I filed a $414 (£359) travel insurance claim with Axa last October after suffering dehydration in the US. Ten months later, it still has not been dealt with. I had provided all the requested paperwork, including three years of medical history from my GP, and in January I was called to be told my claim had been approved.
Nothing arrived, so I called again in March. After an hour, I was told the claim was still being processed.
In May, I then received an email stating it had been refused, and requesting five years of medical records to see if that would change the outcome. I duly did so, and got confirmation of receipt in June.
That was the last I heard. I’ve emailed, and calls just drop after ages stuck in the queue.
Customer experiences on the review website Trustpilot tell a similar story of indefinite waits in the telephone queuing system, calls cut off and emails ignored. It’s likely you’d be marking the anniversary of your claim in limbo if I hadn’t roped in the press office.
Axa did not address my questions about staffing levels, nor did it explain the verbal promise to pay out in March, but it did admit that you had been let down. It says that your claim was refused because you did not declare a previous urinary tract infection (UTI) when you took out the policy.
However, it will now pay out to make up for its poor service. You insist that, although your doctors in the US initially suspected a UTI, the subsequent lab report diagnosed dehydration.
Pre-existing medical conditions are a vexed issue for travellers. Application forms require customers to detail every ailment for which they’ve sought medical advice over the past two years or more, and insurers can seize on a forgotten minor illness to refuse paying out for an unrelated major one.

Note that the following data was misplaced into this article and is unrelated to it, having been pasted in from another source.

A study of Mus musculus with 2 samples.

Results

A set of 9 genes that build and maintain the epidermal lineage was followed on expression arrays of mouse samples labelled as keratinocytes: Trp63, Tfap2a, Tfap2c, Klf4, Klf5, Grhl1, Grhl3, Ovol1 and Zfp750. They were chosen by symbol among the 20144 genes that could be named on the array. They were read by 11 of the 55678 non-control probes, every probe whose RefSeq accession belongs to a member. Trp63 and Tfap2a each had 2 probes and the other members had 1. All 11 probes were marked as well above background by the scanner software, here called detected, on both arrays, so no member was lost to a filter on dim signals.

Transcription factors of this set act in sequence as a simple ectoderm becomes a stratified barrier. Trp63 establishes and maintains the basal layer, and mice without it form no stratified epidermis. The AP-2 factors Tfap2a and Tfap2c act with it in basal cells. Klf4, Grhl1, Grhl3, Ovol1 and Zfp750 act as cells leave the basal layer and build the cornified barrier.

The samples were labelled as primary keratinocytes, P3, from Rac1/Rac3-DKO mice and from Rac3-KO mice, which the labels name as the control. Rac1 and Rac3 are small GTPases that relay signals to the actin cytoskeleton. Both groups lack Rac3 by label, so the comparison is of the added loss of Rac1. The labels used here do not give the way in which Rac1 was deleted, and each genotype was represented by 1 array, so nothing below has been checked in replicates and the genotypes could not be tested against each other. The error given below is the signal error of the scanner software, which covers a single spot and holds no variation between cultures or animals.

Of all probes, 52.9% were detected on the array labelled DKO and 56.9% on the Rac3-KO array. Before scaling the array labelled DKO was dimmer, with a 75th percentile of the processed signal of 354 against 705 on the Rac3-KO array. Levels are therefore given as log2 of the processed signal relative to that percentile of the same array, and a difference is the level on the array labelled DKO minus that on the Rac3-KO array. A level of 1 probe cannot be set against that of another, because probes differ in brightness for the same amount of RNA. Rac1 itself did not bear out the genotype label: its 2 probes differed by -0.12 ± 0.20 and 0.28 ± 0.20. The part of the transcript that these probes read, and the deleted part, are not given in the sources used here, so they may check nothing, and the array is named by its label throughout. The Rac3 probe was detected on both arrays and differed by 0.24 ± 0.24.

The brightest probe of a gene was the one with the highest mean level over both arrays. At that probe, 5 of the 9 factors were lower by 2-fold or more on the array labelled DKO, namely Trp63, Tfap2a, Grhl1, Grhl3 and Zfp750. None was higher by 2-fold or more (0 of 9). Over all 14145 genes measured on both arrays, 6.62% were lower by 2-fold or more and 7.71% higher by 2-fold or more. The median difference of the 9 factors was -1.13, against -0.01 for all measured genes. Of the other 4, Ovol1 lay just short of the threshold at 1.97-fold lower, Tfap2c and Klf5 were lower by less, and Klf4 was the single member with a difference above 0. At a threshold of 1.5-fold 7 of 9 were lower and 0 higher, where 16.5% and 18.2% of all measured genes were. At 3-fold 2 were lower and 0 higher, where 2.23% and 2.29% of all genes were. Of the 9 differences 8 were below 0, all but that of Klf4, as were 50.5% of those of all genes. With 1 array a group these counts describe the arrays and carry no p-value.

The application form for your policy required you to list any conditions for which you’ve been prescribed medication over the past two years. I find it troubling, therefore, that Axa required your medical records for the past five years. I put this to the company, which replied evasively that it had initially asked for two years’ worth.
According to the Financial Ombudsman Service, an insurer can reasonably reject a claim that has nothing to do with a pre-existing condition, if they can show that they would not have allowed the policy to be taken out had the condition been disclosed. Axa tells me that, had it been aware of your previous UTI, it would have sold you a different policy.
Martyn James of complaints website Resolver says some insurers delve into medical records looking for a reason to avoid a payout. “It’s called fishing,” he says, “and it’s probably more widespread that we know, because most people just accept it when a claim is refused.”
Price comparison websites tend to steer customers to the cheapest insurance options that appear, in summary, to have them covered for most eventualities.
It’s in the terms and conditions, which few fully read, that a myriad of exclusions and restrictions are detailed. It’s therefore essential to read them and declare every ailment you can recall, however insignificant – even if it risks increasing the premium.